When a loved one is passing away, it’s not always easily handled by friends and family. Not just the emotional aspect however, the aspect of taking care of them during that time can be quite difficult as well. This is where hospice comes in and lends a helping hand to ensure patients are comfortable and family members and friends receive relief in order to not be so overwhelmed. However, this type of care can get pricey and it only seems the pricing is going up. Not only does this cause hospice to not be an option for some, it also can leave others in a financial hardship. On top of this, hospice workers may be limited and left with tied hands when it comes to patient care.

As the new fiscal year approaches for 2020, there have been some changes proposed by CMS concerning payment rates, wage index, and cap amount within hospice care facilities. There has also been an addendum proposed that would change the transparency of patient care coverage. However, these changes propose a challenge for hospice care rather than helping them ensure better and easier care for their patients.

What is Hospice?

Hospice is in-home care or a long term care facility when a person needs around the clock care or they’re not expected to make it beyond another six months. Of course, this doesn’t mean they’re definitely going to die within six months however, they may have a condition that looks grim with little in the way of treatment available to them outside of making them comfortable. This kind of care can occur with a nurse coming into the home or staying in the home. This type of care is also found in places such as nursing homes.

What are the Changes and What’s the Problem?

The changes proposed will lower the reimbursement rate the hospice care facilities are receiving from Medicare. Any person walking into a nursing home can see that they’re always short staffed and doing the best they can with what they’re given. If this proposal is approved, Coalition states that, “98% of hospice care is delivered at the Routine Home Care (RHC) rate and the CMS proposal to reduce those rates by -2.71% will impact access to hospice care for some beneficiaries as hospices must adjust their budgets to address rising costs for personnel and the competition for clinical staff with other health care providers in their areas, as well as increasing costs for travel and medications.”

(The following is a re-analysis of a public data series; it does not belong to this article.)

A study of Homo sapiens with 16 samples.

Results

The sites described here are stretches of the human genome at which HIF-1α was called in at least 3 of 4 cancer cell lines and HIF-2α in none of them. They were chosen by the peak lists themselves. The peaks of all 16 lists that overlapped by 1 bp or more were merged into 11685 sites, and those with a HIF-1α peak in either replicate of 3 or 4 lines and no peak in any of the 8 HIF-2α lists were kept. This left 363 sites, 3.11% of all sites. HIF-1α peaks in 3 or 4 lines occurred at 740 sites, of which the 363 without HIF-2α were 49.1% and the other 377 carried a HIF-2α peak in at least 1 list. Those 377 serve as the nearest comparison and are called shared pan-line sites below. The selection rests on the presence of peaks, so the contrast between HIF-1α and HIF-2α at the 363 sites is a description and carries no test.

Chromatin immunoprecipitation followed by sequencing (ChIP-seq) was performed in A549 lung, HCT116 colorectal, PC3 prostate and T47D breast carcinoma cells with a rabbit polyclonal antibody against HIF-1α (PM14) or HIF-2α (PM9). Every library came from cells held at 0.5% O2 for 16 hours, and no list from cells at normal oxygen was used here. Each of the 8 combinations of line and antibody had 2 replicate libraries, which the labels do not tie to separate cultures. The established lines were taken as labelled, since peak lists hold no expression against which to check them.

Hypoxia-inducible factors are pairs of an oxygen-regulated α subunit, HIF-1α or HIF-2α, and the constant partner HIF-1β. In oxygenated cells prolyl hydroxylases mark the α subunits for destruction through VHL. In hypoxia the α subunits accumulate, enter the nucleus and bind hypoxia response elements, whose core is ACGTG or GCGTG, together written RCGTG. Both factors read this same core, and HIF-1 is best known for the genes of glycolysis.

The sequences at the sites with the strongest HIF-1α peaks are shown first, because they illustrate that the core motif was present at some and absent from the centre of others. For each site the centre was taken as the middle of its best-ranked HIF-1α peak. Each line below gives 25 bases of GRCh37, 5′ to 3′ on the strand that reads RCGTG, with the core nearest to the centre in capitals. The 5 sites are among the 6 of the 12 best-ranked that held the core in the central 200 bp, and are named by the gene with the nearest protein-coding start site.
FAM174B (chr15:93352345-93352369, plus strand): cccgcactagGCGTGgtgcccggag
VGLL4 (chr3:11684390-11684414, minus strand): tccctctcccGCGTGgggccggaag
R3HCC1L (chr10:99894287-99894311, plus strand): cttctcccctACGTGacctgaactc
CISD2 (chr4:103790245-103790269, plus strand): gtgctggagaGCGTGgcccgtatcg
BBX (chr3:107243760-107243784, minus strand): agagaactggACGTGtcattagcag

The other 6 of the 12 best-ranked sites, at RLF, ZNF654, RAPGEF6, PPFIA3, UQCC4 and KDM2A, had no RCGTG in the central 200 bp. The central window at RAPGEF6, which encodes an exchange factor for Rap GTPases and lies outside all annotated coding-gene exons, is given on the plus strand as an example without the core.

In other words, although many hospice facilities already struggle to keep up with budget rates, they will be further pushed to compensate. This only affects the patients and their families as well as the level of care the hospice facilities can provide. On top of all of this, the addendum proposed will cause a lot more paperwork each time something as small as a medication has to be adjusted or changed for a patient. Although the thought behind this addendum was a nice one, the details are very broad causing many unnecessary man hours to be misdirected from patients to paperwork.